Shooney Da Rapper Shares Her Journey From Hustling Mixtapes To Battle Rap Dominance

Shooney the Rapper

Dive into the inspiring journey of Shooney Da Rapper, a pioneering force in battle rap. From her humble beginnings in Mount Vernon and the Bronx to her breakthrough in Miami, Shooney’s story is a testament to resilience and authenticity. Discover how this trailblazing artist is reshaping the landscape of Hip-Hop and battle rap.

Shooney Da Rapper kicks it with Kershaw St. Jawnson, aka Nikki Duncan-Smith, to talk about her career as a rapper, both commercially and as a battle rapper, having a hustler for a dad, dominating college radio, coming up with her name, what it was like to be related to Hip-Hop royalty, and growing up with Heavy D pinching her cheeks.

Raised in Mount Vernon and the Bronx, Shooney was exposed to Hip-Hop through her older brother Pete, now a popular DJ. Her love for Hip-Hop grew when she attended Westchester Community College, where she hosted shows and became a campus celebrity.

Shooney’s first foray into rapping came when a fellow student asked her to do a hook for his song. The song blew up on campus, and Shooney was encouraged to try rapping herself. She wrote her own rap, and the response was overwhelmingly positive. This led to her decision to become a rapper, supported by her sister and her manager, Jay Loyal.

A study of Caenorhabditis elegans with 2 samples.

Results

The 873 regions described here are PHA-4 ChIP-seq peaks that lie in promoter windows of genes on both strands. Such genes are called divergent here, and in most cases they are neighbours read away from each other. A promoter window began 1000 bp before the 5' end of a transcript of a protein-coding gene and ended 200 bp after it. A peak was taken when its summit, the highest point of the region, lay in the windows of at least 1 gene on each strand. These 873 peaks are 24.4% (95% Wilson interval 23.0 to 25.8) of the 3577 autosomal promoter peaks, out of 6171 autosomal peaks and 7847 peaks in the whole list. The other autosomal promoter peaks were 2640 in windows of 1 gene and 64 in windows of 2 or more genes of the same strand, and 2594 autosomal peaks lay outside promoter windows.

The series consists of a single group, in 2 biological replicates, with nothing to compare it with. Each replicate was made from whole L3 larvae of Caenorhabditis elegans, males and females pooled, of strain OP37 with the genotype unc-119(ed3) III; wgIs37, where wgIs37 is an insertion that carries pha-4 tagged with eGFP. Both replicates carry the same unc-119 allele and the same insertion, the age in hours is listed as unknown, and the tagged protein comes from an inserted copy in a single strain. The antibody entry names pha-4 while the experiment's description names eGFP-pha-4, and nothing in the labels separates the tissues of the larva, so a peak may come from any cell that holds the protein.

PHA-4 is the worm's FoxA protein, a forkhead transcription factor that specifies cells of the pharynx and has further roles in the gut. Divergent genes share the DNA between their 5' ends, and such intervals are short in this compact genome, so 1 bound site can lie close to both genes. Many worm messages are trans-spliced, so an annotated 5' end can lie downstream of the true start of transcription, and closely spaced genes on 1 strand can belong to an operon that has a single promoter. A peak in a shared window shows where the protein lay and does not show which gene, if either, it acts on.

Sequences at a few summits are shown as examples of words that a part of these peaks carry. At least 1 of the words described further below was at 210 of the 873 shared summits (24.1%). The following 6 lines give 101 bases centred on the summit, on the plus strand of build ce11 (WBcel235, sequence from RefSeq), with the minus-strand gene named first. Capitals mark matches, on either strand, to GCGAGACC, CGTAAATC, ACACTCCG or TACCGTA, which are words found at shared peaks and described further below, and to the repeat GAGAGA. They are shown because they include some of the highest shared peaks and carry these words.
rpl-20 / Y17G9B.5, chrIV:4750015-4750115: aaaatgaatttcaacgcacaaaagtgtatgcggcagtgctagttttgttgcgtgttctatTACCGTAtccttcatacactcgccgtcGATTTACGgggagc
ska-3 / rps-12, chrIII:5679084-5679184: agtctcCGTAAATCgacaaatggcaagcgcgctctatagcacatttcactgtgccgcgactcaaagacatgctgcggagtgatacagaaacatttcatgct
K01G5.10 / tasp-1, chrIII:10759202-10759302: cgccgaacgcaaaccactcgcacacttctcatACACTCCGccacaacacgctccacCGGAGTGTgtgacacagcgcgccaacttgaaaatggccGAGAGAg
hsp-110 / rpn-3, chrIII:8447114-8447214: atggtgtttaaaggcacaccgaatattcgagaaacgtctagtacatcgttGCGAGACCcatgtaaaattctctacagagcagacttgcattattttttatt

Shooney’s first mixtape, “The Making of a Paper Girl,” was released in Miami during Memorial Day weekend in 2006. She recalled having to rap on every corner to convince people to take her free CD. This hustle, along with numerous showcases in New York City, helped her name start buzzing in the underground scene.

Shooney also shared her experience being part of a girl group, KNS, with her best friend K Nicole, daughter of Jojo Brim. Despite the challenges, Shooney remains true to herself and her love for Hip-Hop.

“You got to stay true to who you are, and if something goes against what you believe in, you got to speak on it,” she said.

The Mt. Vernon “It” Girl also talks about what it’s like to be one of the original Queen of the Ring girls, a pioneer with over a decade of professional battle rapping in tow and still killing the game.